Prayut 'no longer a soldier'

Prayut 'no longer a soldier'

Retired army general and Prime Minister Prayut Chan-o-cha has not been seen in a military uniform in a while and now admits, 'I am no longer a soldier'. (Twitter/@wassanananuam)
Retired army general and Prime Minister Prayut Chan-o-cha has not been seen in a military uniform in a while and now admits, 'I am no longer a soldier'. (Twitter/@wassanananuam)

Prime Minister Prayut Chan-o-cha declared openly for the first time Wednesday that he is no longer a soldier and is a politician, though he said he felt compelled to become premier out of a sense of responsibility.

"I have to change because I am no longer a soldier. I am a politician who used to be a soldier," Gen Prayut said.

Asked if he will continue being a politician over the long term, Gen Prayut said that he had never entertained the idea of being a politician, but he felt compelled to out of duty.

"I never wanted to be a politician for a single day. Since Day 1 until now, I never wanted to. But I did it because of a sense of responsibility," Gen Prayut said.

The prime minister also brushed aside a move by the Democrat and Pheu Thai parties to petition the Constitutional Court against a Section 44 order issued by him on Dec 22 to address political parties' immediate concerns that they could not meet Friday's deadline under the new organic law that requires parties to update their memberships and registrations.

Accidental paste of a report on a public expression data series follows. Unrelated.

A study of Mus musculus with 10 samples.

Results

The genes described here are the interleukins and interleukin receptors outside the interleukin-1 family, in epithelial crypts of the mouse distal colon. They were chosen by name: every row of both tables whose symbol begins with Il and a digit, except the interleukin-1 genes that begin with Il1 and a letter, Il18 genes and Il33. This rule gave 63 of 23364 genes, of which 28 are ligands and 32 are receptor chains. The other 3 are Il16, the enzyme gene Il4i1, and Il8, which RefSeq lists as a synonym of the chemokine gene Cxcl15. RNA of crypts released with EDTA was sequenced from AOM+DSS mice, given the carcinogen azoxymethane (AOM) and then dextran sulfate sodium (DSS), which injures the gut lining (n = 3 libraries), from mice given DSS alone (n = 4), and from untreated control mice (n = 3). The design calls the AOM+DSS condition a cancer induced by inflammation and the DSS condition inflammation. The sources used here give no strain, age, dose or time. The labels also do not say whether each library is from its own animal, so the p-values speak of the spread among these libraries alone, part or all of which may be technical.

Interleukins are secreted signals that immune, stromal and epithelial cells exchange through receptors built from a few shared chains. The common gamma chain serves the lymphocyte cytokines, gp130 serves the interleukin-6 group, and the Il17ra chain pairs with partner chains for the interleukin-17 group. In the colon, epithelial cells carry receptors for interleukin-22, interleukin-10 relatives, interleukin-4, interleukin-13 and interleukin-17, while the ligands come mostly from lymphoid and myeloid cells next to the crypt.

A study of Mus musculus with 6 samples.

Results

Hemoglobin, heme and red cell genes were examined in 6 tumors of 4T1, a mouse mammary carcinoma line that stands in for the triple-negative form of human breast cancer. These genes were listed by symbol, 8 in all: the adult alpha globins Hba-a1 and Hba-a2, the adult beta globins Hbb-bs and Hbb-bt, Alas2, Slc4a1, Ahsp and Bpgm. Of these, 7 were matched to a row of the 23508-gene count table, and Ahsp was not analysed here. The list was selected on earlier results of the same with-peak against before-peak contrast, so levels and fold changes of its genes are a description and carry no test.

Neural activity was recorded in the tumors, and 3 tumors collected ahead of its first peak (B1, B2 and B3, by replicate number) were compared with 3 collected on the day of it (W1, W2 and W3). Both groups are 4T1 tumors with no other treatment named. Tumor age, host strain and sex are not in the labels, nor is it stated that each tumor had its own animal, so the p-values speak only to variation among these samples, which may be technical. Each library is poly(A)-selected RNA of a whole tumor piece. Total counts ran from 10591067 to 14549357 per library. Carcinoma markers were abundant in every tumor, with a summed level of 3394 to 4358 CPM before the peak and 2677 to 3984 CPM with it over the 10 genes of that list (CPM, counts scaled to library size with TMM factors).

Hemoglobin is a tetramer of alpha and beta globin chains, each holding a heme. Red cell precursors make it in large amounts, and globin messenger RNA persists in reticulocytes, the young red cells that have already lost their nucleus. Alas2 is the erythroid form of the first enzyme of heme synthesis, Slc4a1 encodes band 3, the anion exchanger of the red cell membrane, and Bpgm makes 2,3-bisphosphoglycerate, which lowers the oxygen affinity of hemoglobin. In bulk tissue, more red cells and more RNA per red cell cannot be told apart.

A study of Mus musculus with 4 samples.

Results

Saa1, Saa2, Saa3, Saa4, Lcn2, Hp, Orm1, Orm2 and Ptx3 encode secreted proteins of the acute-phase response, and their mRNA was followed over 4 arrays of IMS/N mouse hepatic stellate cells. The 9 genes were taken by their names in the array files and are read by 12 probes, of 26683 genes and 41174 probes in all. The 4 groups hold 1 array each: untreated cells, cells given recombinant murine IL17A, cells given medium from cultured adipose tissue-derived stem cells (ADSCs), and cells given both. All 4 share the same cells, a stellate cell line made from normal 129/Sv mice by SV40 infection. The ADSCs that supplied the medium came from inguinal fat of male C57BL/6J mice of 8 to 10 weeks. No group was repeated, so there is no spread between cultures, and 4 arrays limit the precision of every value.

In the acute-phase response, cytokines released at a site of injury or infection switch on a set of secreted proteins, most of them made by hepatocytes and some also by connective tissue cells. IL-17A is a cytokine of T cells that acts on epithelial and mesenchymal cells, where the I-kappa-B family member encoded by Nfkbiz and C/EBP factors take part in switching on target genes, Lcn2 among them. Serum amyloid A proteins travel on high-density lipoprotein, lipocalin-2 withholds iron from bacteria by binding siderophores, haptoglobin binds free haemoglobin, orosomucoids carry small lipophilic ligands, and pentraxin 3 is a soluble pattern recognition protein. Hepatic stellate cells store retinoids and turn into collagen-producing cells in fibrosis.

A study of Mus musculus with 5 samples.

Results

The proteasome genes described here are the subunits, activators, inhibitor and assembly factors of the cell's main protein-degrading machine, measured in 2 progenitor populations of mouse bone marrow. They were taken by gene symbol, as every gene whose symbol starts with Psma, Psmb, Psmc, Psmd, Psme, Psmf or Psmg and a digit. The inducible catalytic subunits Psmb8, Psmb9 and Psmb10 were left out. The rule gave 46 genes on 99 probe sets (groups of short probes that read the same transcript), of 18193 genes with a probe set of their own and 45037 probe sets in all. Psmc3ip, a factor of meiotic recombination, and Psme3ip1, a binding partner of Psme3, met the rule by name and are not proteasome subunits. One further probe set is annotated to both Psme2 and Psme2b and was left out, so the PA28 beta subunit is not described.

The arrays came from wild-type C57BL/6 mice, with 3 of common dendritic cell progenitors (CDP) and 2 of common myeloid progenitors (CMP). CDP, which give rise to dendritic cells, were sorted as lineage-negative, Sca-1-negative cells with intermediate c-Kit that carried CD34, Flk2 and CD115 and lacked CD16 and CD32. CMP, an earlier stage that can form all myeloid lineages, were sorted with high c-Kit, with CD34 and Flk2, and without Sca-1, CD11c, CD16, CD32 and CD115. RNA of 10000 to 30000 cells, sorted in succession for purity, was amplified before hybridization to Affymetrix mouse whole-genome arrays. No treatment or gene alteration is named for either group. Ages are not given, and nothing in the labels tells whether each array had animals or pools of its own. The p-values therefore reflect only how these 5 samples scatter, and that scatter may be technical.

Political parties have cried foul over the order, saying it will benefit emerging political parties at the expense of existing ones.

But parties suspect the regime is paving the way for a military-backed party which will draw members of existing parties to back it and support Gen Prayut and the regime to stay in power after a poll expected late this year.

The order gives new parties a month's head start over existing ones. Existing parties will be unable to begin registration until April 1, while new parties can start forming on March 1.

Existing parties also say that requiring all party members to register again amounts to a "reset" that would open the door for some to defect to new groups.

In a cheerful mood on speaking to reporters after resuming work at Government House after the New Year, Gen Prayut said: "Today is a happy day, a day with smiles all around. So, I'm smiling a lot. Previously, I smiled and stopped smiling fast. I'm not the smiling type."